The young Faction Theatre Company made a powerful impact last year with a three-play rep season at the New Diorama. It included an exceptionally persuasive version of Schiller's Mary Stuart which felt as up-to-date and immediate as breaking news.
Fired by the vision of a large permanent ensemble in a rolling repertoire of stripped-back meaty classics, the outfit return now with their 2013 programme whose opening salvo is a fascinating Schiller rarity.
To the English ear, a piece called Fiesco offers a hefty hostage to fortune but in this much belated UK premiere, director Mark Leipacher and team produce a strong case for the dramatist's youthful second play.
Performed in modern dress and given a sardonically contemporary turn of phrase in the robust new adaptation by Leipacher and Daniel Millar, the drama unfolds in sixteenth century Genoa where a Republican conspiracy is stirring against the corrupt ruling Doria family.
To succeed, they need to recruit to their cause the title character, a former war hero turned hedonistic playboy. But what kind of game does this charismatic, devious figure (incisively played by Richard Delaney) think he's up to as he hides his plans for revolt behind a false front of dissolution?
The play is compelling partly because Fiesco appears for so long to be an insoluble enigma even to himself. On the one hand, he proclaims that “To win a crown is great. To reject it is divine”. Then, in the very next soliloquy, he's arguing that exceptional beings cannot be expected to conform to the moral standards of the herd.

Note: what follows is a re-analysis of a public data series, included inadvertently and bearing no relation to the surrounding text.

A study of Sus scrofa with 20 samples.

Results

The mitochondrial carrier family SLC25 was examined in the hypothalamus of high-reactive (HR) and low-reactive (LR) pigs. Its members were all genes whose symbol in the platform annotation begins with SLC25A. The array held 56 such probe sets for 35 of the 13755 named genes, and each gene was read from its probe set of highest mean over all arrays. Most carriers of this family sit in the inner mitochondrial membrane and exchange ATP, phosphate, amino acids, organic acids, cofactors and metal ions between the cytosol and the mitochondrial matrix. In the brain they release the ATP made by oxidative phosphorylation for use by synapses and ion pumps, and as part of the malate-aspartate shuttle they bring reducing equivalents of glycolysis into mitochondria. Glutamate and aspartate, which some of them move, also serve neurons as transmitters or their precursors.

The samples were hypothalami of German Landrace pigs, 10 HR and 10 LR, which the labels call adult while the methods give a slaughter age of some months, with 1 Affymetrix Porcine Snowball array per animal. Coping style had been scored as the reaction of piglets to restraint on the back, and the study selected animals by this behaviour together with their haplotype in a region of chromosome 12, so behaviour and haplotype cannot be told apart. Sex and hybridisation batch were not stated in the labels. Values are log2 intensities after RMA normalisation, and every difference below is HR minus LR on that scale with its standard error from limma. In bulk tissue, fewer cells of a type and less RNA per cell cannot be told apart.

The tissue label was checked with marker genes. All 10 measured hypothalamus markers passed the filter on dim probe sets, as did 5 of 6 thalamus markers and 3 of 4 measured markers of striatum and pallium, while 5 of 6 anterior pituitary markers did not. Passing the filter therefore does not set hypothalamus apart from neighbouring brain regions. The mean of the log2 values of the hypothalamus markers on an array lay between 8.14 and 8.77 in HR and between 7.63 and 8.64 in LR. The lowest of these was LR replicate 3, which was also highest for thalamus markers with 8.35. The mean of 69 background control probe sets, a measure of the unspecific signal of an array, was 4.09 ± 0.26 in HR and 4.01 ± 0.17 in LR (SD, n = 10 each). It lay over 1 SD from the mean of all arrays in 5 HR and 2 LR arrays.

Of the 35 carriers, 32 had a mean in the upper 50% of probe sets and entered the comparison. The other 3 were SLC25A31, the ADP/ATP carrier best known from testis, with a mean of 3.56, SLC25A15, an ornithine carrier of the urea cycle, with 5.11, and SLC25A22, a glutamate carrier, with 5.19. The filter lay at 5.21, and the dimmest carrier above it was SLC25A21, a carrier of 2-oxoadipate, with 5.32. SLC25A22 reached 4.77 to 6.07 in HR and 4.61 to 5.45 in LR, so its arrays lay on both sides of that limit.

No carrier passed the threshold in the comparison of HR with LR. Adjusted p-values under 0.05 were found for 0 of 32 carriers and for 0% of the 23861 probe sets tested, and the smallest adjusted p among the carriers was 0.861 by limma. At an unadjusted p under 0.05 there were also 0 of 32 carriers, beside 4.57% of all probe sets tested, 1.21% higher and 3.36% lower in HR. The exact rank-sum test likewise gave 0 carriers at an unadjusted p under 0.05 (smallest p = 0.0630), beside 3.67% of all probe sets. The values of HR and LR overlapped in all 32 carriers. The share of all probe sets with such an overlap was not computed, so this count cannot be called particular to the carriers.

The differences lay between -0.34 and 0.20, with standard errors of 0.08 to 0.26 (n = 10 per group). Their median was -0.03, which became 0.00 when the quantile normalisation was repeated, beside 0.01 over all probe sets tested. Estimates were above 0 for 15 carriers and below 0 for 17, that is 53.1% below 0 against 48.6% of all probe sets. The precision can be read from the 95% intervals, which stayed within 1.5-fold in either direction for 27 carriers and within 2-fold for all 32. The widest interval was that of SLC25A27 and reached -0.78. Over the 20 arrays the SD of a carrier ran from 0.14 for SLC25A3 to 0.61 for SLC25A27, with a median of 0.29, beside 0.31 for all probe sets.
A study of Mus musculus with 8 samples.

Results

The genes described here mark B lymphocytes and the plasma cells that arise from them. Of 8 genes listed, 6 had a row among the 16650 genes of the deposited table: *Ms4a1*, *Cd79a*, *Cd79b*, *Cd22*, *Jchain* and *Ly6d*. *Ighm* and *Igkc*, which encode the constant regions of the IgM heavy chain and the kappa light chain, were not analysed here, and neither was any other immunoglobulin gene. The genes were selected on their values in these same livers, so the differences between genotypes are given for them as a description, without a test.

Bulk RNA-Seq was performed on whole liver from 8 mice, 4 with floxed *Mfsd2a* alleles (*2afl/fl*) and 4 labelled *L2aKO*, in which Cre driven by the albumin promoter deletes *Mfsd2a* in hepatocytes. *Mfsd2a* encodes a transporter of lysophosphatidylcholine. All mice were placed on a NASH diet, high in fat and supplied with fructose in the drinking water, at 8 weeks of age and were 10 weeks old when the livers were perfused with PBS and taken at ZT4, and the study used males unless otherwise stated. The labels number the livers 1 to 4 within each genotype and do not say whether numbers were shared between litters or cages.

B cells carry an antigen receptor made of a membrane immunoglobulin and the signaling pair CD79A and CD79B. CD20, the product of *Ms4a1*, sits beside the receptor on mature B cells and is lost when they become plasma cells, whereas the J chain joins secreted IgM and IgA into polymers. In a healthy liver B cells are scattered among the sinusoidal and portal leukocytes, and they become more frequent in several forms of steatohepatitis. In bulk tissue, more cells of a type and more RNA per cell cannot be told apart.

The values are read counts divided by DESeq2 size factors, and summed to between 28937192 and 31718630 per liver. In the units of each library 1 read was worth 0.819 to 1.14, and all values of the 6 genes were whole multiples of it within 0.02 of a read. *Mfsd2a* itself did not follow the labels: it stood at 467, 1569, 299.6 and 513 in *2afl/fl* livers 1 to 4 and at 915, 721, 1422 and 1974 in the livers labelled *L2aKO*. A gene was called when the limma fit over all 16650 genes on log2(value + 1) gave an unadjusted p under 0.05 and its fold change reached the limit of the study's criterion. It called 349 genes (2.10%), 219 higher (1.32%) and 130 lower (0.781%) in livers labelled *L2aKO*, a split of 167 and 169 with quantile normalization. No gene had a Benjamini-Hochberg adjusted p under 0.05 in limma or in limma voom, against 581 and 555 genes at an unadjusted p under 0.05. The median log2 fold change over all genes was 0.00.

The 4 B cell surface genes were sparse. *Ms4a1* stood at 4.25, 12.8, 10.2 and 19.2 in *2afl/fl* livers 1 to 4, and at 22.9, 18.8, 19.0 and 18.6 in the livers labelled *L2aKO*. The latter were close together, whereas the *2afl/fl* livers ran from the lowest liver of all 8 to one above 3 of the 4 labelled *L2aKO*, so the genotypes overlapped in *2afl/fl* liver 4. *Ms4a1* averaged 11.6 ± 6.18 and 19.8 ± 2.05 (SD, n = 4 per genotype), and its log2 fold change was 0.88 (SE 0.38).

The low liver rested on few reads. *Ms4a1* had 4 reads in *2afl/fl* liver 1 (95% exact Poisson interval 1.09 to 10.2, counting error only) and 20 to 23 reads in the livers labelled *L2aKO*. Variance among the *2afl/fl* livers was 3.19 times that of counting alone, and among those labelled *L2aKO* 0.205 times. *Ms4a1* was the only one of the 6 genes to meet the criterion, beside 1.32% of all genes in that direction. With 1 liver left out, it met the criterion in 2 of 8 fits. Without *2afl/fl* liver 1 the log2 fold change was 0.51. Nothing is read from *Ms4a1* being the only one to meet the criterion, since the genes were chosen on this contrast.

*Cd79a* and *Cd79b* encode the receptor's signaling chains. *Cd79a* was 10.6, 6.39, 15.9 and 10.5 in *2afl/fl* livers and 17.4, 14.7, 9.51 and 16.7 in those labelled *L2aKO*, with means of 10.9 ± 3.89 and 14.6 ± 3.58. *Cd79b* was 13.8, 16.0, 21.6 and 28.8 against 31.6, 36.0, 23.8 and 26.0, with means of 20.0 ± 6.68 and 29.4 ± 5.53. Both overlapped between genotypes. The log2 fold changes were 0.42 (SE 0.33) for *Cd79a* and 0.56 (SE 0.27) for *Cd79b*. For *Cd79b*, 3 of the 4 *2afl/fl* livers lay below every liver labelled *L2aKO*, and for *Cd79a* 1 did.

The conspirators are right to suspect that the liberator of today can turned by the self-same drive into the dictator of tomorrow.
The great thing about Faction is that they refuse to hide behind either preconceptions or scenic effects. In a bare black box, with only the occasional use of rubber animal masks to suggest a human jungle, the vivid 13-strong conjure up a tangled, teeming world of plot and counter-plot where the less than pure motives of some of the conspirators seem to be satirised by the cheerfully amoral and mercenary Hassan (an amusingly impudent Anna-Maria Nabirye), Fiesco's fickle Moorish spy and where, in the eloquently angled mimed movement, the crowds often face away from us and look to be literally as well as metaphorically demonstrating against a brick wall.
It is not just the Schiller completist who will find this fluent, fiercely committed production rewarding.